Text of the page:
Based in Los Angeles, Michael Ovitz—founder of Creative Artists Agency and former president of Walt Disney—has been collecting art for more than 40 years. He and his fiancée, fashion designer Tamara Mellon, keep much of the collection in their home, a Michael Maltzan–designed villa in Beverly Hills. In August, ARTnews spoke with the collector and his curator, Viet-Nu Nguyen, via FaceTime.
ARTnews: What do you miss about the in-person art world?
Ovitz: I’m very old-school. I love fairs. I love going into galleries. I love talking to dealers. I’m really interested in their opinions. I get some of the most interesting facts from dealers about just what’s going on. Museum curators, too. I’m on the board of MoMA and we do these Zoom meetings now. I miss talking to curators in person about shows they’ve seen.
I was talking to [dealer] Barbara Gladstone last week about an artist. I love talking with her but I’d prefer being with her in person. She’s funny and witty and charming and just wicked smart. She’s got amazing taste. And it’s just different talking to her on the phone rather than talking to her face-to-face in the middle of her gallery, where she’s showing me something. I’ve missed this face to face. That being said, I thought the online viewing I’ve seen this year so far has been really well done.
What was an especially good exhibition you experienced online?
Ovitz: Karma gallery in New York did a really fantastic show. The subject was flowers. It was very diverse. It was well done.
Have you discovered and bought online artists whose work you’ve never seen in person?
Ovitz: Yes. I’ve been driving Nu crazy because I’m a lot about the surface of a painting, and that’s very hard to read in a square-on JPEG. So we’ve been getting video. And also I often need to get photographs that I call “angular pictures,” because if you buy someone like Derek Fordjour—we’ve bought two paintings by him, the first from 14+ Foundation and the second from Petzel gallery—if you look at his work straight-on, it looks very different from how it looks from an angle, because of the way he plays with the surface. But recently, [I bought work by] a young artist named Gisela McDaniel from Pilar Corrias in London, totally from online JPEGs. I watched a short video of a walk-through of her studio. I bought work by Jerrell Gibbs from Mariane Ibrahim gallery. That was a little easier because it was more about color and subject matter.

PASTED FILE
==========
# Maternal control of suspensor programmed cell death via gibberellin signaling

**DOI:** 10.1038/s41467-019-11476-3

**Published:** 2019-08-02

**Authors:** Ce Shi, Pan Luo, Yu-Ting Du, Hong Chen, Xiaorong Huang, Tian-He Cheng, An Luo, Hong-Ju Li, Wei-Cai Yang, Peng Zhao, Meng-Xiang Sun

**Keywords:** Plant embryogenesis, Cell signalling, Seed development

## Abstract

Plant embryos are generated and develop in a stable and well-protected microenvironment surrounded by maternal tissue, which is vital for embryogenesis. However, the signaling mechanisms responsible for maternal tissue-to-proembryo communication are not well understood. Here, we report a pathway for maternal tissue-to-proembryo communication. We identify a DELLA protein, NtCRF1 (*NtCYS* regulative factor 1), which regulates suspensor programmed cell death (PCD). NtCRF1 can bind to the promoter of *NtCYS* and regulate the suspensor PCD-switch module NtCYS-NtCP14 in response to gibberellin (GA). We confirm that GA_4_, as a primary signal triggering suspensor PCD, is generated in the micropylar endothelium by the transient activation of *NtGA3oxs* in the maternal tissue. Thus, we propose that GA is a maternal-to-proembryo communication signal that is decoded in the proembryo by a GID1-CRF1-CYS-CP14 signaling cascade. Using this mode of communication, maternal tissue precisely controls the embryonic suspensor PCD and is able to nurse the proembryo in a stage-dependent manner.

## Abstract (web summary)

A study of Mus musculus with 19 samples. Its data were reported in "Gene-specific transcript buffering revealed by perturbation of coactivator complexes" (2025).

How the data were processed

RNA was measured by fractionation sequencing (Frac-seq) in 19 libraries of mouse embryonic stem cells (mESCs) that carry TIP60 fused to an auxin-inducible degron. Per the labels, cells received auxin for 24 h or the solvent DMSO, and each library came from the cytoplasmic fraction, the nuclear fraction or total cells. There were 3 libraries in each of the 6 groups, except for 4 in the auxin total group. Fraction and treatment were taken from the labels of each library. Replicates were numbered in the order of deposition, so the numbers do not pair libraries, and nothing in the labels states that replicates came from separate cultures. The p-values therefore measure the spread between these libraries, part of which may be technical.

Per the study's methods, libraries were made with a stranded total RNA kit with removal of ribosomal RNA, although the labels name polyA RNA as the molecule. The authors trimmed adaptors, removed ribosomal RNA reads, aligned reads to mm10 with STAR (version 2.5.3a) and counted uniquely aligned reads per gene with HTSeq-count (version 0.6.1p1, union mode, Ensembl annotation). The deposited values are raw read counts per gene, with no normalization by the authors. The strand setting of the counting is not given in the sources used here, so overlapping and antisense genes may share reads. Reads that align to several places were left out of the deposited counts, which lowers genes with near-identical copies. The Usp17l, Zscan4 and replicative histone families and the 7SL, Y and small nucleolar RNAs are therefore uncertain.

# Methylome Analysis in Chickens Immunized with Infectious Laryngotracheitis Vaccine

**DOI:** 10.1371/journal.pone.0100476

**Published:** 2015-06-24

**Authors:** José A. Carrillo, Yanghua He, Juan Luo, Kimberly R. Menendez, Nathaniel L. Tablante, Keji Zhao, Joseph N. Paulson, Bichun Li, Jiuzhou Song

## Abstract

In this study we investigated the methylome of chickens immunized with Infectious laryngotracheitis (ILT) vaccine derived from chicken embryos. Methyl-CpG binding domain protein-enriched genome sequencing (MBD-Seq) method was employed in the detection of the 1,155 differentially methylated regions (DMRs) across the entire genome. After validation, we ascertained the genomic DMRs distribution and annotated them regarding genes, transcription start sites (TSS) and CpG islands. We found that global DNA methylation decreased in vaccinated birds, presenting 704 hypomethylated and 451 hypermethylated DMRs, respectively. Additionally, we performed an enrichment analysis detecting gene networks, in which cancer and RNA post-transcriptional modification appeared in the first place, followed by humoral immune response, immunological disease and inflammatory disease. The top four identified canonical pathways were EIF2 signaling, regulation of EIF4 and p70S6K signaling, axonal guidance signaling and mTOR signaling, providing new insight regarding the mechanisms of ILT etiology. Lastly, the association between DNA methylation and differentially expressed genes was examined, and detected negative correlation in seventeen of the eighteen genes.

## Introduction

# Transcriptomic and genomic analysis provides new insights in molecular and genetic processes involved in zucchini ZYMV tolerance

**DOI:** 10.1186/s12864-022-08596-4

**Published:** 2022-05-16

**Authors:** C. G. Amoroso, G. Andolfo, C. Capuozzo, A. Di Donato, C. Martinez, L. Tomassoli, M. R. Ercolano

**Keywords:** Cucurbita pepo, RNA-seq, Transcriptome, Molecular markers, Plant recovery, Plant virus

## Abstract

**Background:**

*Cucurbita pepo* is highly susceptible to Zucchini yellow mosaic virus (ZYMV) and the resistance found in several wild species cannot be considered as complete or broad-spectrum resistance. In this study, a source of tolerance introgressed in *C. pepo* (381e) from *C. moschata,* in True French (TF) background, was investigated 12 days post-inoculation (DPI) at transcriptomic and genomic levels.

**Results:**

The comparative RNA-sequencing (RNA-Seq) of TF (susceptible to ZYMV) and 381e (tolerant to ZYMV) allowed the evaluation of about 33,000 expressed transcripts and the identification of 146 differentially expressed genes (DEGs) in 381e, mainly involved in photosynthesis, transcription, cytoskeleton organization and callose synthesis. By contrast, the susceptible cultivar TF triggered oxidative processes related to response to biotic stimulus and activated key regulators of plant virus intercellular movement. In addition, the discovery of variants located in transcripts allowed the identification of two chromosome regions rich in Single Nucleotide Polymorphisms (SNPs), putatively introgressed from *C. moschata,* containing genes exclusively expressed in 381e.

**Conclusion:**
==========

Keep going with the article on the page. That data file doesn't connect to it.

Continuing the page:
Nguyen: That was the first time we bought from Mariane and it was from seeing images online. A group of new works from Gibbs’s studio that haven’t even been exhibited.
Ovitz: I also bought [something by] a sculptor without seeing the work: Genesis Belanger from François Ghebaly.
Nguyen: I had seen the work in person, Michael had not.
Ovitz: I had to look at a dozen images. Altogether, we’ve bought about 20 pieces from various artists, from JPEGs.
If someone had told you in January that you would be buying 20 pieces by seeing only JPEGs, what would you have said?
Ovitz: I would have said, I don’t think that’s possible. But it’s not just possible. It’s probable. I’m doing it.
What role does art play for you now?
Ovitz: One of the few things that gives me great joy is getting a dealer’s email. I never paid attention to dealers’ emails like I am now. Nu would always go through them and then we would go see the shows on the list. Now I use them for enjoyment, frankly. During the pandemic, art has been soothing to me. I will tell you something I mentioned to someone the other day: At a time when we are all tied to our homes, I consider myself very lucky that I am able to collect art.
A version of this article appears in the Fall 2020 issue of ARTnews, under the title “Collector in Quarantine.”